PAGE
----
Harris Murray

Pollen season bothers me most when a tiny grain of some substance enters my eye. One rub, then two or three more, fails to remove the irritant. More rubbing continues to fail, and my eyes begin stinging, causing tears to form in an effort to expel the invader. When that fails, I continue rubbing, irritating my eyes in an ever-increasing intensity.

A water rinsing fails. Eye drops fail. The nuisance has adhered itself and refuses to leave. I remain still with a warm cloth over my eyes to avoid rubbing even more, making a stab at not making matters worse. Sometimes it helps, and sometimes I finally go to sleep, hoping desperately for early morning relief.

I don’t get anything out of this experience. Not so, the oyster. When an intruder enters an oyster, the oyster begins sending nacre – or mother of pearl – to cover the intruder in layers until a pearl is formed. Irritants often produce unexpected blessings (unlike my pollen particle), like the pearl found in an oyster shell.

When life introduced an irritant in our lives in the form of Multiple System Atrophy, it also produced a pearl, more precisely, a Pearlie.

As Thurston’s illness progressed, we reached a point where I could not leave him alone. A dear friend provided a list of sitters who might be able to provide care for Thurston while allowing me to run errands, enjoy lunch with a friend or spend some time reading and relaxing.

One name stood out to me. Pearlie.

Pearlie had worked at The Methodist Home for 33 years. My mother had been both the supervisor of nursing and the supervisor of what was then known as the infirmary when she worked at The Methodist Home. I wondered if Pearlie had worked with my mother.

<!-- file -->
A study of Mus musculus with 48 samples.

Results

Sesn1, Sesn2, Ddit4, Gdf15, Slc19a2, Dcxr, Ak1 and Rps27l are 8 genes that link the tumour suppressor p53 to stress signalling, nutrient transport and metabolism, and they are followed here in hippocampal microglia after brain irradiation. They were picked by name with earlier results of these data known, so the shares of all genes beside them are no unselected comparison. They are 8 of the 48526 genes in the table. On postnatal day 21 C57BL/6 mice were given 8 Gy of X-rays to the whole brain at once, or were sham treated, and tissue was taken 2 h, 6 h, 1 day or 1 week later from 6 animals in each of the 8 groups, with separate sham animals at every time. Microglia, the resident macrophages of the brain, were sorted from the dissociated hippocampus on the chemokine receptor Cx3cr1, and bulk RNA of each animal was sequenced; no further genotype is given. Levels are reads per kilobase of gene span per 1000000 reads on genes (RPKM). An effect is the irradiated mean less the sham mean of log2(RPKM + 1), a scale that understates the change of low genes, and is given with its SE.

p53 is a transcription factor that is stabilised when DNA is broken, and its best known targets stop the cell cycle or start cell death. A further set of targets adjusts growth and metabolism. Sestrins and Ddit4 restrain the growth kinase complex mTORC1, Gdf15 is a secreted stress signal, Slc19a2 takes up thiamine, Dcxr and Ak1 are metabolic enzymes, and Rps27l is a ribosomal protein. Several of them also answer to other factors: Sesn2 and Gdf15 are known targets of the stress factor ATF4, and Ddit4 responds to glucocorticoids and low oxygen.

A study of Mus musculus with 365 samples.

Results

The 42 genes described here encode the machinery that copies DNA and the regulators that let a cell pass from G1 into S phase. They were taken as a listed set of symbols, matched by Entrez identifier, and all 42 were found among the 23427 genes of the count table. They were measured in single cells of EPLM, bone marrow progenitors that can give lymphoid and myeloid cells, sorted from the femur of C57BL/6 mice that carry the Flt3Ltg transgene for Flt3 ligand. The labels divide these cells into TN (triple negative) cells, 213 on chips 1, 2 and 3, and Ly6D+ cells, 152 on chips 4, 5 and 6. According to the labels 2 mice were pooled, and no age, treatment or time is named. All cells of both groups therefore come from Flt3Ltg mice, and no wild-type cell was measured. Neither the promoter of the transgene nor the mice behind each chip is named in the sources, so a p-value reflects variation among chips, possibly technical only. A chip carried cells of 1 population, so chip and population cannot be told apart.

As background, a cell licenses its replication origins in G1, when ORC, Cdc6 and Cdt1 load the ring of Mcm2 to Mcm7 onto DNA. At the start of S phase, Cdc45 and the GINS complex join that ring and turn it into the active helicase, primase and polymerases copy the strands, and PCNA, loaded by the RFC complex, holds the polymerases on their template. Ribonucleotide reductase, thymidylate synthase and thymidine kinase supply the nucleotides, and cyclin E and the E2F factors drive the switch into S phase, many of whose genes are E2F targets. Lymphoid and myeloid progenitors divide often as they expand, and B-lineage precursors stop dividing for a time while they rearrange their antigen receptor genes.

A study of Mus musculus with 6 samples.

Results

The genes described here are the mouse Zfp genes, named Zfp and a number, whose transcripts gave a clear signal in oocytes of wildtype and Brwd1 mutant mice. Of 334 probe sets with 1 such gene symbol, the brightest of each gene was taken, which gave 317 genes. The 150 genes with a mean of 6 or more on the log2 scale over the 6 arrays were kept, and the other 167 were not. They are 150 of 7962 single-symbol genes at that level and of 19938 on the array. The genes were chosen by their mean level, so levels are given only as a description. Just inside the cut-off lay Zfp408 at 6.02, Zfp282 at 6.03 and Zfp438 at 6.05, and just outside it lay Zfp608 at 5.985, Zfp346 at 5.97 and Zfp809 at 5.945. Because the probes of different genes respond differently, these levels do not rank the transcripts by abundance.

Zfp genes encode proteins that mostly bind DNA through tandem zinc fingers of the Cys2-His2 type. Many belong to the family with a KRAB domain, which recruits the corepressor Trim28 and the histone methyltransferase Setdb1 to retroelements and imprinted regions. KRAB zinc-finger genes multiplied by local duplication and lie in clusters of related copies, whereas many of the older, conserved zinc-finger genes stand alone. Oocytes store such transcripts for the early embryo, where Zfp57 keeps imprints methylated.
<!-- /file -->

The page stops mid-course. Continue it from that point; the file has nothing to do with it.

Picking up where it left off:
She was the first sitter I called, and during the phone conversation, I asked her if she had known my mother. She had worked with my mother, and I felt an instant connection with her. She offered to come by our home the next day to meet Thurston and me. She and I met at the back door and had a brief conversation before joining Thurston in the den.

I was intending to introduce her, but upon seeing Thurston, Pearlie spoke up. “I know you!” she said to Thurston. “I took care of your father at The Methodist Home. Mr. Fred.” Thurston recognized her, and they began a trip down memory lane. I felt an even stronger connection to this pearl that had entered the shell of our world.

I don’t know what I would have done without Pearlie. I know what would have happened to me. I would have worn myself out trying to do everything. Pearlie was a beautiful gift in the midst of an exhausting and discouraging journey through the valley of the shadow of death.

One day when I arrived back home, Pearlie advised me to move Thurston from his recliner to mine. His recliner was closer to the fireplace and the raised brick hearth. Pearlie had entered the den that day, seeing instantly that Thurston had gotten up and was teetering toward the fireplace. She rushed to grab him, then got him settled back down in my recliner.

“You’re strong!” he told her, shocked by her quick reaction, agility and fortitude. I was just thankful, so full of gratitude that she had been in the right place at the right time.

In more ways than that one incident, Pearlie was our pearl, a beautiful gift born of an intrusive and disheartening disease. She was our oyster’s treasure.